July 2018
Volume 59, Issue 9
Open Access
ARVO Annual Meeting Abstract  |   July 2018
Adjustable nasal transposition of the inferior rectus for superior oblique palsy using the “Cyclophorometer”
Author Affiliations & Notes
  • Kakeru Sasaki
    Teikyo university, Itabashi, Tokyo, Japan
  • Takao Hayashi
    Teikyo university, Itabashi, Tokyo, Japan
  • Yusa Tane
    Teikyo university, Itabashi, Tokyo, Japan
  • Kozue Sasaki
    Teikyo university, Itabashi, Tokyo, Japan
  • Gaku Terauchi
    Teikyo university, Itabashi, Tokyo, Japan
  • Footnotes
    Commercial Relationships   Kakeru Sasaki, WO 2015/163444 : Hand-held cyclodeviation measurement device (P); Takao Hayashi, None; Yusa Tane, None; Kozue Sasaki, None; Gaku Terauchi, None
  • Footnotes
    Support  None
Investigative Ophthalmology & Visual Science July 2018, Vol.59, 2934. doi:https://doi.org/



Purpose : We developed a new instrument “Cyclophorometer” to quantitatively assess cyclodeviation during strabismus surgery. We conducted an adjustable surgery involving horizontal transposition of the vertical rectus muscles using the Cyclophorometer and also evaluated its usefulness and the patient’s progress postoperatively.

Methods : We evaluated 33 patients with superior oblique palsy who underwent inferior rectus recession and nasal transposition (24 males, 9 females; average age, 53.1 years). The surgery was performed under local anesthesia with 4% lidocaine solution. The remaining cyclodeviation was measured during the surgery using the Cyclophorometer, and the amount of transposition was adjusted as necessary. In all patients, cyclodeviation was measured preoperatively, at the end of the surgery, and postoperatively (at 10 days, 3 months, and 1 year postoperatively).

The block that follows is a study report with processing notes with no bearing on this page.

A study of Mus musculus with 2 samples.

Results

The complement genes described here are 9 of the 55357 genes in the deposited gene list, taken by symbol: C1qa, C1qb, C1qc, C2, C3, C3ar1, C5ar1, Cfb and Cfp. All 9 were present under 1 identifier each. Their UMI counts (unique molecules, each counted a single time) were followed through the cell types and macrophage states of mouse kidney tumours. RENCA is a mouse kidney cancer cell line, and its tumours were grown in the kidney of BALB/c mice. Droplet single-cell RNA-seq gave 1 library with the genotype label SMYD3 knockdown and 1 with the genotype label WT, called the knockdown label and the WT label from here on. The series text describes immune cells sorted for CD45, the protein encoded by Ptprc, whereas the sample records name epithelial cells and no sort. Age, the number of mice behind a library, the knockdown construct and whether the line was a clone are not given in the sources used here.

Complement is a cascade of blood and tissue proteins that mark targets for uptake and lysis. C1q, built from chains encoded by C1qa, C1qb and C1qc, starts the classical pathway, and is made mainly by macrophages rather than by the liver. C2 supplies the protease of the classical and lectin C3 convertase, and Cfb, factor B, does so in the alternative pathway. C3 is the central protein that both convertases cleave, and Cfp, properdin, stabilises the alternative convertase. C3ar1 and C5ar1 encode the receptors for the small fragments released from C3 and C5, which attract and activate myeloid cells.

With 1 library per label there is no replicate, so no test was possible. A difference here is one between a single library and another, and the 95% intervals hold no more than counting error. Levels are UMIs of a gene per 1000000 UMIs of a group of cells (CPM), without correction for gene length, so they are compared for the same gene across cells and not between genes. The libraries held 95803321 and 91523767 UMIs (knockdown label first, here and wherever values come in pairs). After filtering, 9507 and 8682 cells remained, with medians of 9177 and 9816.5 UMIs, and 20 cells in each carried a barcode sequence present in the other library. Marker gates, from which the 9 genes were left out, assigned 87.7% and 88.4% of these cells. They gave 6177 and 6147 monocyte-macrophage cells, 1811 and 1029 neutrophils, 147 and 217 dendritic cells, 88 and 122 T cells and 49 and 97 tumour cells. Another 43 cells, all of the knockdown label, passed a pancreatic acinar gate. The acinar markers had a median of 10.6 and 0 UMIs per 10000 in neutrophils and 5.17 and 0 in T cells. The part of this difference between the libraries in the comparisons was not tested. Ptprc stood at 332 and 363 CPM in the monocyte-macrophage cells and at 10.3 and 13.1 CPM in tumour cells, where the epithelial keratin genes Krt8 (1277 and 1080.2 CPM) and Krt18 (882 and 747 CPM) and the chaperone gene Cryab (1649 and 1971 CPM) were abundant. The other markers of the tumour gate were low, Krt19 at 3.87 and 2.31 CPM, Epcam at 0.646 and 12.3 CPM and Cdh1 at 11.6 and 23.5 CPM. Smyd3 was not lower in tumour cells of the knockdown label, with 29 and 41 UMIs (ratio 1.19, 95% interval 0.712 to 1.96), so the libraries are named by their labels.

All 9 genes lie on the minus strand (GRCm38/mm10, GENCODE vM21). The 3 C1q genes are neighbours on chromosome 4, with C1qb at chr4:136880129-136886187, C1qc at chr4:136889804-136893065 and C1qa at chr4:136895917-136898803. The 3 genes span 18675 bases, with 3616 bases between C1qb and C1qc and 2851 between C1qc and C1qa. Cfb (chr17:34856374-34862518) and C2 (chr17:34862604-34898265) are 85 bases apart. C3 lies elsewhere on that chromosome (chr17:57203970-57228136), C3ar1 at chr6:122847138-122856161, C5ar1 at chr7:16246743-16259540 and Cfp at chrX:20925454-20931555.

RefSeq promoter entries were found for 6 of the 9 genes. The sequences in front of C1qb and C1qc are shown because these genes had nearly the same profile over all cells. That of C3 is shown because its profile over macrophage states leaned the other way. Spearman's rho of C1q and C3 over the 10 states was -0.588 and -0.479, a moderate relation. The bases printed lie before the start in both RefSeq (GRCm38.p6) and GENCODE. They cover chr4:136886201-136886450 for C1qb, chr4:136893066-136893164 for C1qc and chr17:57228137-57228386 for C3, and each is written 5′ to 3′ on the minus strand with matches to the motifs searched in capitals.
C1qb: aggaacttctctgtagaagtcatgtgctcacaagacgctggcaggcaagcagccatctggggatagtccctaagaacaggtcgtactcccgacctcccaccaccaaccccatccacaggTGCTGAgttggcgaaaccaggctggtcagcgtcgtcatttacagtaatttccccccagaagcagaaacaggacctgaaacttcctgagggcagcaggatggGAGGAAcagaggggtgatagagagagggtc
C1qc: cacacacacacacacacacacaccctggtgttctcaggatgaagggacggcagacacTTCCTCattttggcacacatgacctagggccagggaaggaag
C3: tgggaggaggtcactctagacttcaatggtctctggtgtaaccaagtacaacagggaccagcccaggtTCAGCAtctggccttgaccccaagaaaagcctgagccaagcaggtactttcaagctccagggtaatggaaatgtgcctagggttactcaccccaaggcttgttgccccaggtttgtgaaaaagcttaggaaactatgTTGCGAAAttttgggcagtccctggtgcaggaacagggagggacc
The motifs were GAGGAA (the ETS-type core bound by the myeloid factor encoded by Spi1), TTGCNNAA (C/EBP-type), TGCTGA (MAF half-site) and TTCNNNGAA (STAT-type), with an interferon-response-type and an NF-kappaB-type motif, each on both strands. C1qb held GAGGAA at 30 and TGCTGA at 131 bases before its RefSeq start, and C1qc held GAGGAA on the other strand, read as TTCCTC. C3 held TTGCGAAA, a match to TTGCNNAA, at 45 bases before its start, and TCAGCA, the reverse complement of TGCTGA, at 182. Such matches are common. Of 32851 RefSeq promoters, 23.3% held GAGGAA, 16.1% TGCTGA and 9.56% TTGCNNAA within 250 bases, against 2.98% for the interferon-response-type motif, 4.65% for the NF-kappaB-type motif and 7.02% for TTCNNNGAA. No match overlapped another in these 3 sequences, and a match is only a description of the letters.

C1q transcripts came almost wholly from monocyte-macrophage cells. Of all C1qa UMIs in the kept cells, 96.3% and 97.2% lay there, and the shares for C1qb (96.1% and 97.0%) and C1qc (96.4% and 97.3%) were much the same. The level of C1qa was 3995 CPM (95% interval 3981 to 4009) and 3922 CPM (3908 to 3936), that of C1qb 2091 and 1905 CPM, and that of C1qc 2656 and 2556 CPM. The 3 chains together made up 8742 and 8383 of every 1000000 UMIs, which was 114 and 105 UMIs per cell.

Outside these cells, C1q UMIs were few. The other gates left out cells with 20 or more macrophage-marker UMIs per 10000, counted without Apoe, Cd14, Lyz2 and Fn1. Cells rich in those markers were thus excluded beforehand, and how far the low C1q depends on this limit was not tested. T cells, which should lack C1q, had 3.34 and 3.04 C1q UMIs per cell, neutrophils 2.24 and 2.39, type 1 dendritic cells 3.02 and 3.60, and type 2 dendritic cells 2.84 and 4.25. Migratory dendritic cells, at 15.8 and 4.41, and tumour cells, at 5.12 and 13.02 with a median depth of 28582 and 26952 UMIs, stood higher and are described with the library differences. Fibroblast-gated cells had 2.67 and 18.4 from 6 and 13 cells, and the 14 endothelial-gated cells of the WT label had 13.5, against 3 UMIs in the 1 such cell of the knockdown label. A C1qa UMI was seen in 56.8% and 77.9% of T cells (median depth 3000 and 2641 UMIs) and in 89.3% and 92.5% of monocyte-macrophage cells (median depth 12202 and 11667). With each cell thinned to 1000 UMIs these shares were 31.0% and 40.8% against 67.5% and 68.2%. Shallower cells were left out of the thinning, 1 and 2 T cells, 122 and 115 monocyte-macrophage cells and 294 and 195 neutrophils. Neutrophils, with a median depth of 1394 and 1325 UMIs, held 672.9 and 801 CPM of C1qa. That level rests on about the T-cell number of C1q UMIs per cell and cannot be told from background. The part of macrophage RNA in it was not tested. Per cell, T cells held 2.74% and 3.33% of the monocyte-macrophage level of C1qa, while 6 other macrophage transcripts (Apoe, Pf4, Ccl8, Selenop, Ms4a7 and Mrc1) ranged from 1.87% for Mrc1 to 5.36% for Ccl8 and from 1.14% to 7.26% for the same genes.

Results : All patients showed extorsion (average ± standard deviation, ex8.8 ± 4.0°) preoperatively. Of the 32 patients, 15 received a different amount of transposition as a result of the intraoperative cyclodeviation measurement. The average remaining cyclodeviation at the end of the surgery was ex0.61 ± 3.2°. The average postoperative cyclodeviations were ex2.9 ± 2.9° at 10 days, ex2.2 ± 2.3° at 3 months and ex2.3 ± 2.5° at 1 year. In all patients, cyclodiplopia was observed postoperatively but disappeared immediately after the surgery. Of the 32 patients, 28 did not exhibit cyclodiplopia at 1 year postoperatively.

Conclusions : Using the Cyclophorometer to measure cyclodeviation during strabismus surgery makes it easy to decide if any changes to the surgery type or amount of transposition are necessary. This method is also effective in reducing the number of surgeries to a minimum and in maintaining a good postoperative eye position.

This is an abstract that was submitted for the 2018 ARVO Annual Meeting, held in Honolulu, Hawaii, April 29 - May 3, 2018.

 

The Cyclophorometer is a plate-shaped instrument (8 cm × 24 cm) with a pair of fixed optical parts. The red Bagolini striated lens is fixed on the side of the fixing eye, and the rotatable green Maddox rod is placed the side of the measuring eye. It can noninvasively and quantitatively assess cyclodeviation in various postures and situations during strabismus surgery.

The Cyclophorometer is a plate-shaped instrument (8 cm × 24 cm) with a pair of fixed optical parts. The red Bagolini striated lens is fixed on the side of the fixing eye, and the rotatable green Maddox rod is placed the side of the measuring eye. It can noninvasively and quantitatively assess cyclodeviation in various postures and situations during strabismus surgery.